Teachers are experiencing a greater level of job stress than many other professionals, a study reveals.
The National Foundation for Educational Research (NFER), says that most professions have 13% of workers feeling tense about their job.
However, for teachers the level is 20%.
With growing numbers of teachers deserting the classroom and rising pupil numbers, the study found that teachers are feeling tense about their job most of the time.
The study also found that teachers struggle with higher stress levels and a poorer work-life balance and their working hours are similar to workers in other professions across the year.
The National Education Union’s joint general secretary, Dr Mary Bousted, said: “Faced with endless accountability, impossible workloads with underfunded or flat pay deals year after year, it’s common for teachers to leave.”
Shortfall in training teacher numbers
Now the NFER is calling for action for the shortfall in trainee teacher numbers to be addressed amid a big drop in early career teacher retention rates.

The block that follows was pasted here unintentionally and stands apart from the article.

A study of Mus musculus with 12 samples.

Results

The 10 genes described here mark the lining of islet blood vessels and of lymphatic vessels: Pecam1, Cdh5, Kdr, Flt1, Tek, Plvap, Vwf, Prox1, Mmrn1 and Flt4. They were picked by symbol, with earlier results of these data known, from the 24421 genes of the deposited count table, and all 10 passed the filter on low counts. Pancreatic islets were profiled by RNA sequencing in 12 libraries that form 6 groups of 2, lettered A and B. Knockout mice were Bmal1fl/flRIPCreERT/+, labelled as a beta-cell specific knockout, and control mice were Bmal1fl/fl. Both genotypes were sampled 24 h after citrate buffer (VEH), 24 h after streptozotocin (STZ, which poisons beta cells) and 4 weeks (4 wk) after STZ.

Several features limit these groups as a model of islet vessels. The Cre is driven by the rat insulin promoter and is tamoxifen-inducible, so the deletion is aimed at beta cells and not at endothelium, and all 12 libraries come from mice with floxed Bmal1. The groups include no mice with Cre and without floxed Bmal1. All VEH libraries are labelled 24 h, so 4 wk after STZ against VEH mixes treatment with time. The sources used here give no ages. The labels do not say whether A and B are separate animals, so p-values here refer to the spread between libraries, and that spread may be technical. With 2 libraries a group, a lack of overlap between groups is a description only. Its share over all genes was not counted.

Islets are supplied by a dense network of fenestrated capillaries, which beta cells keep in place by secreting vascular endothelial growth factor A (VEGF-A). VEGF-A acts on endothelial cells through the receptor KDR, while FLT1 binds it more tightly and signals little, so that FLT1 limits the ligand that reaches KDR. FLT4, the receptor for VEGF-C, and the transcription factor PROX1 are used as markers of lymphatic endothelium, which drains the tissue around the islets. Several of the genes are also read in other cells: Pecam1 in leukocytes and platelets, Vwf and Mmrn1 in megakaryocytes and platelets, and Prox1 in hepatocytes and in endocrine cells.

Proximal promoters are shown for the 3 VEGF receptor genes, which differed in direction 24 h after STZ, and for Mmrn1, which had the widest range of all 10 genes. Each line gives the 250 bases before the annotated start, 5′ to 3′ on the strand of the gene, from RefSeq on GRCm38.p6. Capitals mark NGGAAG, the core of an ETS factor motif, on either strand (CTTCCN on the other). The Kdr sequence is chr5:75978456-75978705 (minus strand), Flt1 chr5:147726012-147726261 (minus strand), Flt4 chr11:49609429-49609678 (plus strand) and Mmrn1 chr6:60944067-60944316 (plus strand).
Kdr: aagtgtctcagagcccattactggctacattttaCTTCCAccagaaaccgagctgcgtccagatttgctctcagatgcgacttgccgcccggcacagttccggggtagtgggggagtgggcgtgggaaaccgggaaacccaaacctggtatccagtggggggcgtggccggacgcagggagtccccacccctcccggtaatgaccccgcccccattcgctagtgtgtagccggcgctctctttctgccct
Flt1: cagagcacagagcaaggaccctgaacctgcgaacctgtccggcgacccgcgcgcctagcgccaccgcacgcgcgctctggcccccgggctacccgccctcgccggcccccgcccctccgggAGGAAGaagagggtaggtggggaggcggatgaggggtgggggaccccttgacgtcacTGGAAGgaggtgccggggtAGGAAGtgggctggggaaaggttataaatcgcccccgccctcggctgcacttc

One of the report’s authors, Jack Worth, said: “Schools in England are facing challenges in retaining and recruiting enough teachers and there is a need to improve working conditions and a focus on making a teaching career more sustainable and manageable.”
The report follows that from the Department for Education’s study published in January on teacher recruitment and retention strategy which included ideas to simplify the teacher application process and reducing workload.
Damian Hinds, the education secretary, said: “Since taking this job, I’ve made reducing the bureaucratic and unnecessary workload that teachers face a priority and to deal with the issues highlighted in the report and also free up teachers to teach.”
The study also highlights that teachers who have trained overseas and former teachers are shunning efforts to recruit them into British schools.
The report also reveals that many schools are receiving no, or little, response to job adverts they place and are relying on teachers who are not qualified to teach in their subject.
Teachers work more hours in a typical week
Researchers also found that teachers work more hours in a typical week, though they do not work more when this is averaged out over the year, it does lead to more stress and poor work-life balance.
The researchers also highlight that recruitment is in steep decline from the European Economic Area, potentially because of Brexit fears, and the traditional recession-proof advantage of becoming a teacher has eroded because the graduate labour market is currently strong.
The NFER has welcomed government proposals for boosting teacher recruitment but says that unless there is further action the problem will continue.